Constance Bay residents band together to fight 'heartbreaking' flooding

Volunteers packed sandbags Saturday and trucked them out to Constance Bay residents staring down what the local councillor is calling a "heartbreaking" flood situation.

Councillor's own home under water as flooding hits west Ottawa neighbourhood

Volunteers work to prevent Ottawa's Constance Bay neighbourhood from flooding on May 6, 2017. (Giacomo Panico/CBC)

Volunteers packed sandbags Saturday and trucked them out to Constance Bay residents staring down what the local councillor is calling a "heartbreaking" flood situation.

"It is heartbreaking. Because to see it all blown away, nothing you can do about it — it's just like watching somebody drown, and you can't swim. It is emotional," said Coun. Eli El-Chantiry.

The City of Ottawa said Friday afternoon that about 75 properties had been affected by the heavy rains and rising floodwaters, with the majority of those properties in the west-end neighbourhood along the Ottawa River.

On Bayview Drive, one of the hardest hit streets in Constance Bay, residents waded through waist-deep water Saturday afternoon as fire crews went door to door, checking on people.

A partially-submerged home on Bayview Drive in Ottawa's Constance Bay neighbourhood in Ottawa on May 6, 2017. (Giacomo Panico/CBC)
People stand outside a flooded garage on Bayview Drive in Ottawa's Constance Bay neighbourhood on May 6, 2017. (Giacomo Panico/CBC)
The flooding in Constance Bay feels like 'watching someone drown and you can't swim,' said Coun. Eli El-Chantiry, who represents the neighbourhood. (Giacomo Panico/CBC)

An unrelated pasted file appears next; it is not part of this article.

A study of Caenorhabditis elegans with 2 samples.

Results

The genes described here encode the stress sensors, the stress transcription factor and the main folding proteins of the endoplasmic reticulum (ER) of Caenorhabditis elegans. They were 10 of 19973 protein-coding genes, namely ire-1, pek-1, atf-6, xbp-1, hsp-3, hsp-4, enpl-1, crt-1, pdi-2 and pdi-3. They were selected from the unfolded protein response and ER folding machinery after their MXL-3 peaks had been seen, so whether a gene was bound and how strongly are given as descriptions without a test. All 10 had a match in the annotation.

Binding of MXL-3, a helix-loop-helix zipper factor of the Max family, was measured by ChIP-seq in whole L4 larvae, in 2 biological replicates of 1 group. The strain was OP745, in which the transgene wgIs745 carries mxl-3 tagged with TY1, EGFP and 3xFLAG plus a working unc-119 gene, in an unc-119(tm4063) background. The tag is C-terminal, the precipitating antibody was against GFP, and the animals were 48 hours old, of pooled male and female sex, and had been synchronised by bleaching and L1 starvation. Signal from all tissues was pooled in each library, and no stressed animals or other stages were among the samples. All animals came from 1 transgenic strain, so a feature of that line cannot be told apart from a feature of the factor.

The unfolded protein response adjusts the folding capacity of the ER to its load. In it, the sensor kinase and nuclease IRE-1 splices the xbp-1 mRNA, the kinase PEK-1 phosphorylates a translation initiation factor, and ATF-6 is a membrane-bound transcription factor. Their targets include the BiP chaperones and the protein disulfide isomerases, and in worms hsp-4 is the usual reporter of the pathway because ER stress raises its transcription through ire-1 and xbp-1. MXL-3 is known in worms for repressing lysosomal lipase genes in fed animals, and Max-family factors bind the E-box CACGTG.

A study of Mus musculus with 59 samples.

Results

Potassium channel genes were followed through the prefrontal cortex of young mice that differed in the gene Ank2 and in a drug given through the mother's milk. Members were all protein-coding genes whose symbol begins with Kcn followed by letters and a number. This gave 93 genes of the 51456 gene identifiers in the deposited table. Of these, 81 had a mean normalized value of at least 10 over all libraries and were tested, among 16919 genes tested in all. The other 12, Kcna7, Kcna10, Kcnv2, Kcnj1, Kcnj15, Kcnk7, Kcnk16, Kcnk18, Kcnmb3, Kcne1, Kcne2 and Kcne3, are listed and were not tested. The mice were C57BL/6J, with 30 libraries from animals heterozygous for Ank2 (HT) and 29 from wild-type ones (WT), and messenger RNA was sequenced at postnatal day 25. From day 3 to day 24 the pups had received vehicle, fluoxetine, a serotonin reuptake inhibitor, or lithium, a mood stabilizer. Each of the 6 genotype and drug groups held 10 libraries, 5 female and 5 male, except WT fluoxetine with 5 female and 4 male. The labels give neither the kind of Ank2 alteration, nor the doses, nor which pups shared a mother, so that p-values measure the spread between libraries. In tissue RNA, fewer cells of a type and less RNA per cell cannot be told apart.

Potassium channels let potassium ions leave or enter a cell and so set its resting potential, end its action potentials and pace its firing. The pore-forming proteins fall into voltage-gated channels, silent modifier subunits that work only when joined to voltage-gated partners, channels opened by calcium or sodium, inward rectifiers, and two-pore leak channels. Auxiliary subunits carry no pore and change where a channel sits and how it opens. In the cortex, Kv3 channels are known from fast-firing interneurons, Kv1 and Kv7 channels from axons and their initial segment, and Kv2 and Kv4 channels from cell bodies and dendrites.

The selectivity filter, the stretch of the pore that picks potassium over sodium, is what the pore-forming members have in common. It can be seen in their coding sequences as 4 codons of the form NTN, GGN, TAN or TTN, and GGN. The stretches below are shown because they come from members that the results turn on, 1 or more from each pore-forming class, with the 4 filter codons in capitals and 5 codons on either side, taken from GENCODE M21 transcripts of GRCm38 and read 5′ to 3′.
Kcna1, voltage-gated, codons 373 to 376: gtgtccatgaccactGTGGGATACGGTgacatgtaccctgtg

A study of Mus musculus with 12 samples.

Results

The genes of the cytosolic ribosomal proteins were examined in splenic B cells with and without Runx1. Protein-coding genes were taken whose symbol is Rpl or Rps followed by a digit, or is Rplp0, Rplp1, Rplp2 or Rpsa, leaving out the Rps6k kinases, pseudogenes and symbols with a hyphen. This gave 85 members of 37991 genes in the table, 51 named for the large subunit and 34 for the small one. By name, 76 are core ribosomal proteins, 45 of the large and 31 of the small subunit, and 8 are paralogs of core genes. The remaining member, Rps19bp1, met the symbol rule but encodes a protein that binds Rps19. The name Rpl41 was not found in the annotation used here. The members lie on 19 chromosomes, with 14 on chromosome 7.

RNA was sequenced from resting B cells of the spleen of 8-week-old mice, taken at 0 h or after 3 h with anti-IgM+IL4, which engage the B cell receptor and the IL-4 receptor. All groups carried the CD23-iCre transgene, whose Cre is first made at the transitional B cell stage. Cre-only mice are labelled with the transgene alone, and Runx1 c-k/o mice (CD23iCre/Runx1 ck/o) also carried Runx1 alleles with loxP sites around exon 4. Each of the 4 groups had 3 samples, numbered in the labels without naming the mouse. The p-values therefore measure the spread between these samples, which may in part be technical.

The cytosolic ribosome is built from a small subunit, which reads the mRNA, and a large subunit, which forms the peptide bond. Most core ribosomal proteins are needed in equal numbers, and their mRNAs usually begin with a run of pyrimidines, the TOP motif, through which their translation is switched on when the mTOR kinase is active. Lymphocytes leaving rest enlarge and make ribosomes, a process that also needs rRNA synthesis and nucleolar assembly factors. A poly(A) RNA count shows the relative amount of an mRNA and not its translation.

El-Chantiry told CBC News his own home "up the road" was also under more than a metre of water.

"It's so hard to see people's life savings, people's homes [lost]. On the other hand, we're thankful no one got hurt. We managed to get people out that need to be out," said El-Chantiry.

"I'm one of those people, also," he added. "We're no different from the rest of the folks here."

At the nearby community centre, Steve Nason of Ottawa Volunteer Search and Rescue helped coordinate the relief efforts.

"It says a lot about the community. There's been a ton of people coming out today to help out," Nason said.

"The expectation is we'll probably be here as long as we're needed."

That could be at least all weekend, as Environment Canada is predicting more rain on both Sunday and Monday. The city is currently under a rainfall warning.

Volunteer Steve Nason says his group's prepared to be helping out with the flooding in Constance Bay 'as long as we're needed.' (Giacomo Panico/CBC)
A woman fills sandbags in Ottawa on May 6, 2017. About 75 properties in the city have been affected by recent flooding, including many homes in the Constance Bay neighbourhood. (Giacomo Panico/CBC)
Volunteers stacked piles of sandbags Saturday afternoon in an attempt to keep the Ottawa River from flooding. (Giacomo Panico/CBC)

On Friday, Ottawa recorded 40.4 millimetres of rainfall, breaking the record for May 5 that was set in 1985. If Ottawa gets more than 19.6 millimetres of rain Saturday, the city will also break a 65-year-old daily record set on May 6, 1952. 

Ottawa police have advised people not directly involved in the sandbagging efforts to avoid the Constance Bay area, and were out Saturday diverting non-essential traffic at the intersection of Dunrobin and Constance Bay roads.

The Royal Canadian Legion branch on Allbirch Road in the community is serving as an emergency centre for residents affected by the floods.